VW MKIII-A3/B4 TDIs This is a discussion about MKIII-A3/MkIII Jetta/Golf (<99.5) and B4 Passats (96,97) TDI's. Non TDI related postings will be moved or removed.

ejallison1
Location: Kansas, Illinois
Default Using A4 Fuel Filter Set Up on a A3

Any drawback or unknown ramifications if I were to use both the filter and return check valve that goes on top of the filter along with the associated clip of an A4 on a A3? This project 96 Passat had a small inline filter installed and want to go back to something more original. The check valve itself was north of $50 for the A3 setup and filters for the A4 seem more reasonably priced. I wouldn't think it would pose a problem but wanted to verify prior to switching over.
Steve Addy

As a side note some of us have gotten rid of the thermo T check valve and opted for the earlier Mk2 filter that just has the in / out and filter vent. The more connections at the filter the more likely you'll get air leaks.

Having said that when I exhaust my supply of older Mk2 filters I might go back to the Mk3 setup, but it'll be a while yet before that actually happens.

Steve
Mongler98
I prefer the Ditzel mod... or however its spelled. CRAZY cheep
clyde
Originally Posted by Mongler98 View Post
a filter is a filter, if you can make it work, its fine.
I prefer the Ditzel mod... or however its spelled. CRAZY cheep
What is the "Ditzel mod"? (Searched, found mention but no description…)
Mongler98
but a quick google search and this is what im talking about, around here it has a name of Dietzel mod or something.
http://www.peachparts.com/shopforum/...ter-cat-2.html
Mongler98
The Dietzl Mod
Steve Addy

Steve
Mongler98
its technically making it less complicated.
ToddA1

-Todd
Steve Addy
Originally Posted by Mongler98 View Post
but.. its not, its cheep AF, much cheaper than Nictane and filters are available at like Walmart! i dont know if it is or not but there crazy cheap and available everywhere. Not to mention that it fixes the one issue of air bubbles via that heater T.
its technically making it less complicated.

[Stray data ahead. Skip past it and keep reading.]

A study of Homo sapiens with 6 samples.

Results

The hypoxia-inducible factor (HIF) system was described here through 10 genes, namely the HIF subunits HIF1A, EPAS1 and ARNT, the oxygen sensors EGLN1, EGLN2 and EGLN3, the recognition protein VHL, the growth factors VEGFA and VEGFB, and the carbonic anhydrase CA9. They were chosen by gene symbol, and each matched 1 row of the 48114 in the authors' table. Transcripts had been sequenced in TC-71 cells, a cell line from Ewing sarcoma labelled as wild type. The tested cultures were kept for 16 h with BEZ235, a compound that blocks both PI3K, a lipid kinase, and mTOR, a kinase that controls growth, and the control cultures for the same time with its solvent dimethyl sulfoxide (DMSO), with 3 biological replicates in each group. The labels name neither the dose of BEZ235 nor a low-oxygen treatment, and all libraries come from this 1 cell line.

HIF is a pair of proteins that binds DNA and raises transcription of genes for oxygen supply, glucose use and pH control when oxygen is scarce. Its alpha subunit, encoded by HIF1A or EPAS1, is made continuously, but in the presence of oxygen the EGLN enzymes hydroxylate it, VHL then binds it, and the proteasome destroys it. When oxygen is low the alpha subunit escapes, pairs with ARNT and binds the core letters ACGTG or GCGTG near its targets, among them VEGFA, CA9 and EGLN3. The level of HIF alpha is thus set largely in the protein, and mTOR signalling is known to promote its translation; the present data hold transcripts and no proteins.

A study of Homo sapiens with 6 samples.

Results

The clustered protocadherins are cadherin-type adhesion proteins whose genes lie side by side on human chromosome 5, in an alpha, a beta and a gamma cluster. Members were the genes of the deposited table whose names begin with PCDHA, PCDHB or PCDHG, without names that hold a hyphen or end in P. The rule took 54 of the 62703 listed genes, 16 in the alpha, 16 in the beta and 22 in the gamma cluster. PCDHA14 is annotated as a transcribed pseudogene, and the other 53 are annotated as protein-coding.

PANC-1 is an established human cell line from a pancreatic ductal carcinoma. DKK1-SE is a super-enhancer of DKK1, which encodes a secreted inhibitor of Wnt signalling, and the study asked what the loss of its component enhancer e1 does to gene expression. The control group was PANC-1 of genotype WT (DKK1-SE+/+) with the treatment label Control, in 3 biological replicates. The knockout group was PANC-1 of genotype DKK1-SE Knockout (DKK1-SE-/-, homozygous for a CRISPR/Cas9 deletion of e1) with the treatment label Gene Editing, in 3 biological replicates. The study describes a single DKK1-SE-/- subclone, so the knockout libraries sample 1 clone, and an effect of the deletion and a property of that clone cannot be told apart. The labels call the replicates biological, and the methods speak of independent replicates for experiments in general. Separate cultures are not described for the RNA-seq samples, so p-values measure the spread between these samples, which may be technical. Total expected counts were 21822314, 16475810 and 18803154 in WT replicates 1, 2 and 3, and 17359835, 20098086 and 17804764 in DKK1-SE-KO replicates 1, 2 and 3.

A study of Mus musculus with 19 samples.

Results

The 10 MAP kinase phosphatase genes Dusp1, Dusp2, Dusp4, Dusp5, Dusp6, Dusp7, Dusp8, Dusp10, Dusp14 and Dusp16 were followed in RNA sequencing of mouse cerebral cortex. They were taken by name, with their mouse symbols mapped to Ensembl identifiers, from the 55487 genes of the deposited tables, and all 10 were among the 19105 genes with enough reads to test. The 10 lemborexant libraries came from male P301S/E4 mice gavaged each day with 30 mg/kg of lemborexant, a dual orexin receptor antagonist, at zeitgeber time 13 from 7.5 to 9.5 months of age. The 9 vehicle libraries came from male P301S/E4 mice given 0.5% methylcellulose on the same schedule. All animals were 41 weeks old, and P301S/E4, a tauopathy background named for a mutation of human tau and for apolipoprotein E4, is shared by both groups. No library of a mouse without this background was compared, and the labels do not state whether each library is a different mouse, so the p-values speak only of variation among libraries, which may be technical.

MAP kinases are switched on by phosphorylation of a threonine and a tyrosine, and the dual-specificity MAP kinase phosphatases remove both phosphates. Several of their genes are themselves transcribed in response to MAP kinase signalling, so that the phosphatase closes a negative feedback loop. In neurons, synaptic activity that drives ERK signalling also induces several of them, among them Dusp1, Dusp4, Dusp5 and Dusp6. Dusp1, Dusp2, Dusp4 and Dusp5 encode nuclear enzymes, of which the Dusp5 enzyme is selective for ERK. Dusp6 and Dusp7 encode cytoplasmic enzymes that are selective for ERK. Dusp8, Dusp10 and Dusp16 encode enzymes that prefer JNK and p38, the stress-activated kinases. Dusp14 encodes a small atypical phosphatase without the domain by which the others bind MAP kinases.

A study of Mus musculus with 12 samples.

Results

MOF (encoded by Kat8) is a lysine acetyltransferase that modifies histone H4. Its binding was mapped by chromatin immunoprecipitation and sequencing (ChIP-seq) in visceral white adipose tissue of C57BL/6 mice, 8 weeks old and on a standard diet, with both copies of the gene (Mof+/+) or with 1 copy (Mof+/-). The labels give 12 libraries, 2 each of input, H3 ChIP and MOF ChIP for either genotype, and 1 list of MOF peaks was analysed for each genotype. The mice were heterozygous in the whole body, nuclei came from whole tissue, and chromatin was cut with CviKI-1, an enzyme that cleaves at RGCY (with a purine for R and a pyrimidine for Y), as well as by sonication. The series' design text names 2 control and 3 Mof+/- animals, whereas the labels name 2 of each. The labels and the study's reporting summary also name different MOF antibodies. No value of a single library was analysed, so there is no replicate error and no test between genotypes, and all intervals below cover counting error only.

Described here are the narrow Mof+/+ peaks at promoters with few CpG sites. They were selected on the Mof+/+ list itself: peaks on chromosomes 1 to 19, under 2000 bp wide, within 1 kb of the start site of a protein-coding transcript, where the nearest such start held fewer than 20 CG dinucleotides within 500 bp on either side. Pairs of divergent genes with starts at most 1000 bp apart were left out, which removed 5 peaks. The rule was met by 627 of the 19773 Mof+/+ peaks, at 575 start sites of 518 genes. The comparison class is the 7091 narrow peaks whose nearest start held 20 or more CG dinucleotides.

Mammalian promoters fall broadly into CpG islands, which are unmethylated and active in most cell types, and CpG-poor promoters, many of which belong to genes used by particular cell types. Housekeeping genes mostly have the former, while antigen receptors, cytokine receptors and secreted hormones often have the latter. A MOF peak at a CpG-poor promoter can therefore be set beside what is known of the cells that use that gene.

That's really warped logic if you're coming up with 'less complicated' for all that. If you want to do it and want to spend money you don't have to just say so, but don't try and twist it into something that it's not.

The least expensive option is the easiest, and if the thermo T is really a thorn in your side use the older (and very cheap) Mk2 filters with only the bleeder screw on them. These also have water drain on them too. Did I mention they're cheap?

How many of these filters does a person go through anyway?

Quote:
Originally Posted by ToddA1 View Post
I use the early A2 diesel filters, that get rid of the thermo T. They’re not 2 micron, but I haven’t had a fuel contamination issue.

-Todd
Same thing I'm using right now on the B3V Todd.

As for cheap, Rock Auto was selling the Bosch OE filter for Mk3 / B4 TDI about a year ago on clearance for around $9 each. I stocked up on them, think I bought the last four they had after pointing it out to others via PM.

I still have at least two Mk2 non-T filters to go through also, and those were acquired somewhere for very little.

I recognize these aren't 2 micron but I doubt that in the dead of a mid-west winter I'd be able to pull through a 2 micron filter anyway, at least not without causing the IP some distress.

Again, if you want to do it that's great, but it is indeed a solution in search of a problem.

Steve
Mongler98
Originally Posted by Steve Addy View Post
How many of these filters does a person go through anyway?
Steve
at least 1 for every 2 oil filters, so usually one every year
Steve Addy
Originally Posted by Mongler98 View Post
at least 1 for every 2 oil filters, so usually one every year
Seems excessive, but that's your choice.

Steve
garciapiano

My understanding is that diesel fuel is filtered pretty well before it goes into the car. I am running my filters for 40,000 miles and have had zero issues, and could probably go for even longer.

Yeah I understand that the filter is cheap enough that it doesn’t make a bunch of sense to extend the interval, but my feeling on that is that the fuel system should be opened to contaminants as seldom as possible. If anything, the irony is that changing the filter increases the risk of dirt getting into the fuel system.